Their first apology was very similar to Dove’s "missed the mark" apology:
"We understand how this video could be perceived by some as offensive, and we apologize to those who were offended...We have removed the video from all Mountain Dew channels and have been informed that Tyler is removing it from his channels as well."
Note that Mt. Dew apologizes to "those who perceived the ad as offensive," but not to the fact that they created and released a racist ad. Furthermore, using the word "perceived" is another way of saying, we didn’t think it was offensive, but to the over sensitive people who thought it was offensive, we apologize to you so that you will shut-up and keep purchasing our products.
Obviously many others felt the apology was "hopeless, like a penny with a hole in it," because Mt. Dew quickly issued a second apology:
We Apologize for this video and take full responsibility. We have removed it from all Mountain Dew Channels and Tyler is removing it from his channels as well.
They even purchased promotional space on Twitter to spread their apology. You may have seen a tweet show up in your newsfeed from Mt. Dew: "Hey guys – made a big mistake we’ve removed the offensive video from all our channels. #fail
Not to be hyper-critical, but Mt. Dew still refuses to say "we" or "I" made a big mistake.... As always, the apology should make you forget about the entire racist stereotypical ad and go on with your life as if nothing ever happened, until the next racist ad is released. Chris Sigmon, a twitter user, said, "whoever created this #MountainDew ad & whoever allowed it the play should be fired.... #JustPlainStupid." Yuriy Boykiv, CEO of Gravity Media, agreed, "buying ads for the apology is not a smart thing to do unless they are just asking for more publicity."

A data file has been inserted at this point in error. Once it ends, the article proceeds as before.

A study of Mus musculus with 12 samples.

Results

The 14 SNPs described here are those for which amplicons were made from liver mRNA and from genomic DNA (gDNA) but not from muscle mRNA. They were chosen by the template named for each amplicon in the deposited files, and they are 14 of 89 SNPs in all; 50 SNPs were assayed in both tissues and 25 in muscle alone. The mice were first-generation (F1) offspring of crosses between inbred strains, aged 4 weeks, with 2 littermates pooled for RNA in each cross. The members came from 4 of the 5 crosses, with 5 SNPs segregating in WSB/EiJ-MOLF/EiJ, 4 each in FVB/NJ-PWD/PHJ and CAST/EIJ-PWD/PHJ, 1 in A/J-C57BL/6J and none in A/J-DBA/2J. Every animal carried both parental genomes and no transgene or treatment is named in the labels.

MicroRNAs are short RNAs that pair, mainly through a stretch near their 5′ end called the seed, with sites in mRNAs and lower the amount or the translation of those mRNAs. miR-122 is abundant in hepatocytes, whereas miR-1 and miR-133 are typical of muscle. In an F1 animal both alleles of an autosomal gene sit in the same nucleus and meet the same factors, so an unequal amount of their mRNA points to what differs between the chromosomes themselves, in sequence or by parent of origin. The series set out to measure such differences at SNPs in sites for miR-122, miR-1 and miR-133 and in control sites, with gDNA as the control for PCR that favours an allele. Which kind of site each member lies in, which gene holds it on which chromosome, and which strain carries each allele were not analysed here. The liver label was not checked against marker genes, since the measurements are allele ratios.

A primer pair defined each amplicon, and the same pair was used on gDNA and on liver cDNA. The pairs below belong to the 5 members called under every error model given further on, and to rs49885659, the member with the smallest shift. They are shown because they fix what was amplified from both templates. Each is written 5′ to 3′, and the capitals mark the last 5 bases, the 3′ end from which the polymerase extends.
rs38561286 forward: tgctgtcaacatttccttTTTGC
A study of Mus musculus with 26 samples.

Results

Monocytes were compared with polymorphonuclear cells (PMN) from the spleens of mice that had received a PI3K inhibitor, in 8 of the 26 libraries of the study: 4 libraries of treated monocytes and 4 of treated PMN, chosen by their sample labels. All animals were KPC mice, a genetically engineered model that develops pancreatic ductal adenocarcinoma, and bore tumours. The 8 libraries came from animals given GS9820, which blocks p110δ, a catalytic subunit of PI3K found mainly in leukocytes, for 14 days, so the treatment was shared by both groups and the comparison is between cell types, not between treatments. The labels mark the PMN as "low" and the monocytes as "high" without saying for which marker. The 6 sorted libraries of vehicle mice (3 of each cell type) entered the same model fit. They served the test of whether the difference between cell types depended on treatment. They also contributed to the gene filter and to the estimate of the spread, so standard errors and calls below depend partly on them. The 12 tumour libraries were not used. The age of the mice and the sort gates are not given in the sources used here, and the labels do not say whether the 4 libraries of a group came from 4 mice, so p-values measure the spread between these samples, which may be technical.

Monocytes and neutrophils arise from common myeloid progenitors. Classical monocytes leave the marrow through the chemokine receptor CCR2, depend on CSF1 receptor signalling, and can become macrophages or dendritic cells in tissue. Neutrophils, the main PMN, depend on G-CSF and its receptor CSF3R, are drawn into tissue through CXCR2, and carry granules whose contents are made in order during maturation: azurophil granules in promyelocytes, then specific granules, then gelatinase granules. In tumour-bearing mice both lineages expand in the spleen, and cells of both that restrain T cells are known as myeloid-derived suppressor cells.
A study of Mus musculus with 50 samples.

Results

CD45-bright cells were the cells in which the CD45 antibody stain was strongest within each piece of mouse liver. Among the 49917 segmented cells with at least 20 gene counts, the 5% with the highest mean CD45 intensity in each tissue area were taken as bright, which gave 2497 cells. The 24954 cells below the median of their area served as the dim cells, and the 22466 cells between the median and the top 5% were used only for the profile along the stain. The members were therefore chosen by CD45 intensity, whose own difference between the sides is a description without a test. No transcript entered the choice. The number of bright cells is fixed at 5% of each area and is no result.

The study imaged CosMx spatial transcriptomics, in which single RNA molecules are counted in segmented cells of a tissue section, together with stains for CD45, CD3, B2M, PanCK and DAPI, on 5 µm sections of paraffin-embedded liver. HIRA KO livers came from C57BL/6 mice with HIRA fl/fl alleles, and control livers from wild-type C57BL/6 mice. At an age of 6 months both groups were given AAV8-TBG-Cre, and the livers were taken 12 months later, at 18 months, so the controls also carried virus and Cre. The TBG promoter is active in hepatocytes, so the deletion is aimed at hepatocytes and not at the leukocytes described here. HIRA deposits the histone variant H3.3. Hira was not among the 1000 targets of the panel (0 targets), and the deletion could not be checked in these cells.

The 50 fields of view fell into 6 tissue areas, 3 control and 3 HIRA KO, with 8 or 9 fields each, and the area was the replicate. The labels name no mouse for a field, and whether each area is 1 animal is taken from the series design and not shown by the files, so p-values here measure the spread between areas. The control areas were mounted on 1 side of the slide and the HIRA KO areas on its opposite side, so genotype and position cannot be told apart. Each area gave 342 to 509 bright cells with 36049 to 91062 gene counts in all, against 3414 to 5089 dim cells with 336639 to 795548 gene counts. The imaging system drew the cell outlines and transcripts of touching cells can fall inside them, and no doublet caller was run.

However, marketing professionals Sabrina Horn, CEO of Horn Group, and Jason Stein, former president of Laundry Service, a social media agency, both agree that purchasing Twitter promotional space shows how sincere they were about their apology. Sabrina Horn said, "The instances where companies hesitate to respond or don't admit fault are the ones we remember forever."
Dr. Emeka Anaza, professor of sports and recreation, responds to stereotypes in the Mountain Dew ad and the issue of accountability from his perspective as a black man.
University student Jasmine Holliday shares her impressions of the Mountain Dew ad from her perspective as a black woman.
Adrienne Hooker, professor and visual designer, shares her analysis of the stereotypes in the Mountain Dew ad from her perspective as a white woman.
Dr. Chen Guo, professor of interactive media and user experience design, responds to the Mountain Dew ad from her perspective as a Chinese woman.